LA County had 137,418 vetted child abuse cases in the last 12 months. 30-35 children die of child abuse in LA County each year.

Child maltreatment has been linked to:

Behavioral Problems

  • Aggression
  • Delinquency
  • Conduct Disorder
  • Antisocial Behavior

Mental Health Problems
As many as 80% of young adults who have been abused, meet the diagnostic criteria for at least one psychiatric disorder at age 211 including:

  • Substance Abuse
  • Anxiety
  • Depression
  • Suicide

Physical and Other Health Problems

  • Teenage Pregnancy
  • Intimate Partner Violence

Studies have found abused and neglected children to be at least 25% more likely to experience problems such as delinquency, teen pregnancy and low academic achievement.2

A National Institute of Justice study indicated that being abused or neglected as a child increased the likelihood of arrest as a juvenile by 59%. Abuse and neglect also increased the likelihood of adult violent crime by 30%.3

This CDC study found these negative effects over a survivor’s lifetime generate many costs that impact the nation’s health care, education, criminal justice and welfare systems.

The lifetime cost to taxpayers for each case of child maltreatment, for children who live is $210,000. For children who die, it is over 1.2 million dollars per child.

Total cost per year to LA County taxpayers is $2.9MM per year for children who live and a total of $41.3MM including children who die.
The Solution

According to the CDC Division of Violence prevention’s technical package for policy to prevent child abuse and neglect, improving parenting skills is key. Through giving parents and caregivers support and knowledge for behavior management and positive parenting skills, we can build strong, safe families that protect children from violence and it’s long term consequences.4,5

The potential outcomes:

  • Reductions in child abuse and neglect perpetration
  • Reductions in risk factors for child abuse and neglect (e.g., parental substance use, criminal involvement, timing of subsequent births, child behavioral problems)
  • Improved parent-child interactions (e.g., increase nurturing)
  • Improved parenting behaviors (e.g., child behavior management), including reductions in use of harsh verbal and physical discipline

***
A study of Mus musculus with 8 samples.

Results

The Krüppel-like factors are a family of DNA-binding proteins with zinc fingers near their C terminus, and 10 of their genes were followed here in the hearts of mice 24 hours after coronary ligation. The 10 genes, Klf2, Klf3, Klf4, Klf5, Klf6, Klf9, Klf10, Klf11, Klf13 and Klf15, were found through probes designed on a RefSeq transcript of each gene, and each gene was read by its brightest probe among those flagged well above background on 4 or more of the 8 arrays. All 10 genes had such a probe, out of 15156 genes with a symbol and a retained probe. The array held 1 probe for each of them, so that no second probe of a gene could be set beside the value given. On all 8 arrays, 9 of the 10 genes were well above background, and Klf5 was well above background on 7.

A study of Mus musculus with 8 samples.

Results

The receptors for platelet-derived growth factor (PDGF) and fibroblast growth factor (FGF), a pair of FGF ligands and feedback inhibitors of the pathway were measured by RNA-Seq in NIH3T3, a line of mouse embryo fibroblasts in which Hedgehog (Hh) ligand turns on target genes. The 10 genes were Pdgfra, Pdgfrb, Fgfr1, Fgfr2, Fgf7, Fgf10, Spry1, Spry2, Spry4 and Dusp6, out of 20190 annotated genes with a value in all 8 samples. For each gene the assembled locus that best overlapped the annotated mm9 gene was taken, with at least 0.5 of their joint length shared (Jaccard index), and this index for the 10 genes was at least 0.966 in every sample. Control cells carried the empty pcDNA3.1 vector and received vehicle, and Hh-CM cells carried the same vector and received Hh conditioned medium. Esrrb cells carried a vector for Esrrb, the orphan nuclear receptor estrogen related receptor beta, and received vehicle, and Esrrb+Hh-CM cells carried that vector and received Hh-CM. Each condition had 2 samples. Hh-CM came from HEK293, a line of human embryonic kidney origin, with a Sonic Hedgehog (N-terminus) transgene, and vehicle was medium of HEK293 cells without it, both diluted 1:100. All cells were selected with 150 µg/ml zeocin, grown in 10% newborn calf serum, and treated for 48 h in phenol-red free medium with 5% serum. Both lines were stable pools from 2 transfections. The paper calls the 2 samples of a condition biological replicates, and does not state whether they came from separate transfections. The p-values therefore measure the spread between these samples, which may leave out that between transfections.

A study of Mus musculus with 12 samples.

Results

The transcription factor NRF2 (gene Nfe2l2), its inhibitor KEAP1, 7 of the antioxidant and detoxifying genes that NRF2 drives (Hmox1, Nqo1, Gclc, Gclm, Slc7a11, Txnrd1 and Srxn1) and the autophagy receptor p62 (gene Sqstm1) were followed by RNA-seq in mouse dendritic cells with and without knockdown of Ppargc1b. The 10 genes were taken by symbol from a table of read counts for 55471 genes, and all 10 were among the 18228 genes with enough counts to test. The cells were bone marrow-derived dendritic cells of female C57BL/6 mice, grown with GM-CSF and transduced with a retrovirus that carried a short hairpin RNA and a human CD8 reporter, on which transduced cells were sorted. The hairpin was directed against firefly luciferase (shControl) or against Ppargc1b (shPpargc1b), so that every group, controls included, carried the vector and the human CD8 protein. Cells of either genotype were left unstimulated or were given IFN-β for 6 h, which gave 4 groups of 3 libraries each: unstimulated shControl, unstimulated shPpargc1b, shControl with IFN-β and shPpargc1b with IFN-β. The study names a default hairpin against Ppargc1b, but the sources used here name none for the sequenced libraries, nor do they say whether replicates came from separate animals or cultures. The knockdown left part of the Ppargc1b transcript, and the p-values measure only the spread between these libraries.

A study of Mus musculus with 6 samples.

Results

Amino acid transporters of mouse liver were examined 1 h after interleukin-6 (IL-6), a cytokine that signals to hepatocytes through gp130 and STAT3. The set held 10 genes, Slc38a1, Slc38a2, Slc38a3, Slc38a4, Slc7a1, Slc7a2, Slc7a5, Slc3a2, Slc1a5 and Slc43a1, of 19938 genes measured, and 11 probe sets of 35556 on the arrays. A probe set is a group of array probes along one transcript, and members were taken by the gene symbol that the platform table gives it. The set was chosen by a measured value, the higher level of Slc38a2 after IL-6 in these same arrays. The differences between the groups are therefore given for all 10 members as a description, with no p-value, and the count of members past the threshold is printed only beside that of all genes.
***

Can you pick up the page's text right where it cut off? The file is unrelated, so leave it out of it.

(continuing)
• Improved violence prevention-related knowledge, behaviors and beliefs
  • Fewer emergency room visits and hospital stays
  • Reductions in use of welfare
  • Reductions in criminal behavior
  • Reductions in youth substance use and arrests

Evidence5
Parenting skill training approaches have consistently demonstrated positive effects in preventing child abuse and neglect.

In other research, significantly lower instances of spanking and hitting children with objects were observed among those who received the training when compared to a group who did not receive the training.

How We Can Help

Your Village classes are the perfect solution to support parents, through both prevention programs and as a training program for parents and caregivers, who have been accused and/or charged with child abuse and neglect to get and keep these families on a better path.

We offer:

  • Convenience – 24/7 access to over 40+ classes
  • Accountability – Quizzes, tests, certifications upon completion of classes/programs
  • Flexibility – Any number of programs and classes can be packaged to meet different needs: classes for parents of kids of all ages, development, discipline, anger management & skill building
  • Support – Additional support through hotline can be included

 

2. Kelley BT, Thornberry TP, Smith CA. In the wake of childhood maltreatment. 1997. Washington (DC): National Institute of Justice.
3. Widom C S, Maxfield MG. An update on the “cycle of violence.” Washington (DC): National Institute of Justice; 2001. Available from: http://www.ncjrs.gov/pdffiles1/nij/184894.pdf.
4. Knox, M. S., Burkhart, K., & Hunter, K. E. (2011). ACT Against Violence Parents Raising Safe Kids program: Effects on maltreatment-related parenting behaviors and beliefs. Journal of Family Issues, 32, 55-74.
5. Portwood, S. G., Lambert, R. G., Abrams, L. P., & Nelson, E. B. (2011). An evaluation of the Adults and Children Together (ACT) Against Violence Parents Raising Safe Kids program. Journal of Primary Prevention, 32, 147-160.